Few centuries have seen greater changes in social perspective and guiding ideas than the eighteenth century; literature in every Western country was a powerful instrument not only in recording these changes but in bringing them about. In England, the rise and development of a new literary form – the novel – graphically mirrors that great transition in social ideology, often with rare entertainment.
Originally published in 1965, in the words of Professor Steeves: ‘This volume is to deal with the years in which the novel was still an experiment. At the beginning of the eighteenth century there was no novel. By the end, novels of every description were being published, not in dozens, but in hundreds. The badness of the product was universally recognized, but perhaps fifty had emerged out of the ruck of mediocrity, some tolerable, some good, and some great.’
The author tells us that it is the province of the novel ‘to deal with what seems to be real people, in situations which have the tang of the life of the time and which pose significant problems related to that life.’ He examines the changing view of the social scene in the works of the great novelists of the period – Defoe, Richardson, Fielding, Smollett, and Sterne – and in the less familiar but still significant novels of others from the time. The discussion ends with Austen because she comes ‘exactly at the end of a century highly important in intellectual and cultural history, and at the beginning of another century equally epoch-making…. Miss Austen can properly be called the first modern English novelist, the earliest to be read with the feeling that she depicts our life, and not a life placed back somewhere in history, or off somewhere in imagined space’.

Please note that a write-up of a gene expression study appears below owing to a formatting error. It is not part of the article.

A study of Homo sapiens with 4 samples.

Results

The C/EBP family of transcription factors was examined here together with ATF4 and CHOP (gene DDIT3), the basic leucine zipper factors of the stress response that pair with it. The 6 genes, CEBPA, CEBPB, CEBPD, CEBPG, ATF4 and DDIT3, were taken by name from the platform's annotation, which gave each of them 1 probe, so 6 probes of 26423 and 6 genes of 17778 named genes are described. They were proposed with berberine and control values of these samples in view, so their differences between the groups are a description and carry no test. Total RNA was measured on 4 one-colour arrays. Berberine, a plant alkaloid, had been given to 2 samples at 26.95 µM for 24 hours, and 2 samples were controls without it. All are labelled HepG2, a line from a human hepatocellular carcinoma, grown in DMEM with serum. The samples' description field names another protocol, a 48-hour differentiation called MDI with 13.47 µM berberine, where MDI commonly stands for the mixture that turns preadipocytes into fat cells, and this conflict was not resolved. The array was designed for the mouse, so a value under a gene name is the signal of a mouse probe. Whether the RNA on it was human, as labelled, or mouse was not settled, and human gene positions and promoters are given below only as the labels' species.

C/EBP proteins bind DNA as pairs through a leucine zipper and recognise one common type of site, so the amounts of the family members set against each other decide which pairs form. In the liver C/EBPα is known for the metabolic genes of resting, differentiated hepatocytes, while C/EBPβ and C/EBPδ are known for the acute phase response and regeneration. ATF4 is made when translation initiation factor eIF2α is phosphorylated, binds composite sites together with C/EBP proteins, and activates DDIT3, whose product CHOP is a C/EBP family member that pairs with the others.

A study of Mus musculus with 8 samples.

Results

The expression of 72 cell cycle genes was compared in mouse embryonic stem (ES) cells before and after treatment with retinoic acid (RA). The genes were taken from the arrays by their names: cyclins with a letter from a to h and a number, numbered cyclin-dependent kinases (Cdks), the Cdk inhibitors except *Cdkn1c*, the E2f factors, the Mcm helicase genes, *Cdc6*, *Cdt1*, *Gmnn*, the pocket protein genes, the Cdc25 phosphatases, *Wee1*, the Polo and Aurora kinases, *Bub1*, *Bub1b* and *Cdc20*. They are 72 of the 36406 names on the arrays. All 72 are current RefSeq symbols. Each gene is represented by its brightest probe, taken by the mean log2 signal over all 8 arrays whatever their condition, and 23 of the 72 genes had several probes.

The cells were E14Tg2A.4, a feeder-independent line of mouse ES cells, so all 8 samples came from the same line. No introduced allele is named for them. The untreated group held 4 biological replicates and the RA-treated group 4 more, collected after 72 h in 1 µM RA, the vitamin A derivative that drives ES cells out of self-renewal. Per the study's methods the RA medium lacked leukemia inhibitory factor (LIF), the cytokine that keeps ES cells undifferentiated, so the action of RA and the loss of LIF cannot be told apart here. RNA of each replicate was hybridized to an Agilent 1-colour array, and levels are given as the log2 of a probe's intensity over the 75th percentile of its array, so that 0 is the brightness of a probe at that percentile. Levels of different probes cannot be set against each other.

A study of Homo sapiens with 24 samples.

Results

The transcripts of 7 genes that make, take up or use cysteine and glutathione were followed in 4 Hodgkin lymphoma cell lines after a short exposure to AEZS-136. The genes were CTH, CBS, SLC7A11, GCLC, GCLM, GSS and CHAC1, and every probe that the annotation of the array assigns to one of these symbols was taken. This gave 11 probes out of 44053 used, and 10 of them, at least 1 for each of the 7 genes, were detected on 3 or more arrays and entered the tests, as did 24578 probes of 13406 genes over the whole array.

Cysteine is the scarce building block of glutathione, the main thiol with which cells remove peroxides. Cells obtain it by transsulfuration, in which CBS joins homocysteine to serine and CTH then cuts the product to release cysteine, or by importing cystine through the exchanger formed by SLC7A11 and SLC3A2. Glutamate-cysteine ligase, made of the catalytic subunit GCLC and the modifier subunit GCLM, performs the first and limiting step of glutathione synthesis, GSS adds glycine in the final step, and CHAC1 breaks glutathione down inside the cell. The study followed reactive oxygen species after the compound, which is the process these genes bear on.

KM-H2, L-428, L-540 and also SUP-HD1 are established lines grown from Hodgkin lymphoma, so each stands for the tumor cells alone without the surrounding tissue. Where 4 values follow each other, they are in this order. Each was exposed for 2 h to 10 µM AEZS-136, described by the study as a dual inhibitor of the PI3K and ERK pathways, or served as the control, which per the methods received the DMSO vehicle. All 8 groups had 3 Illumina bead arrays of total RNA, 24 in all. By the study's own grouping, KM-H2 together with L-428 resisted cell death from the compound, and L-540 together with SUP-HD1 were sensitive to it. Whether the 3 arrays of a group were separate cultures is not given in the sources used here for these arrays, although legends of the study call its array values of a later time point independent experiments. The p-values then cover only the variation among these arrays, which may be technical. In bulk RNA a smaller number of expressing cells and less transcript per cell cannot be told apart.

Table of Contents
1. View from Pisgah 2. From Arcadia to Mount Zion 3. Man on an Island (Daniel Defoe) 4. Saeva Indignatio (Jonathan Swift) 5. Virtue Rewarded (Samuel Richardson) 6. Sex in the Eighteenth-Century Perspective 7. A Manly Man (Henry Fielding) 8. Sad Dogs and Saints (Tobias Smollett) 9. Sentimentalism: A Literary Epidemic 10. 1750: Retrospect and Prospect 11. A Fellow of Infinite Jest (Laurence Sterne) 12. The Later Sentimentalists (Goldsmith and Mackenzie) 13. A Young Lady’s Entrance into the World (Frances Burney) 14. Oriental Romance (Johnson and Beckford) 15. The Gothic Romance (Walpole, Ann Radcliffe, Lewis) 16. An Eighteenth-Century Shaw (Robert Bage) 17. Social Justice (Holcroft, Godwin, Mary Wollstonecraft) 18. End of a Century (Principally Maria Edgeworth) 19. And Jane Austen. A Note on the Illustrations. Index.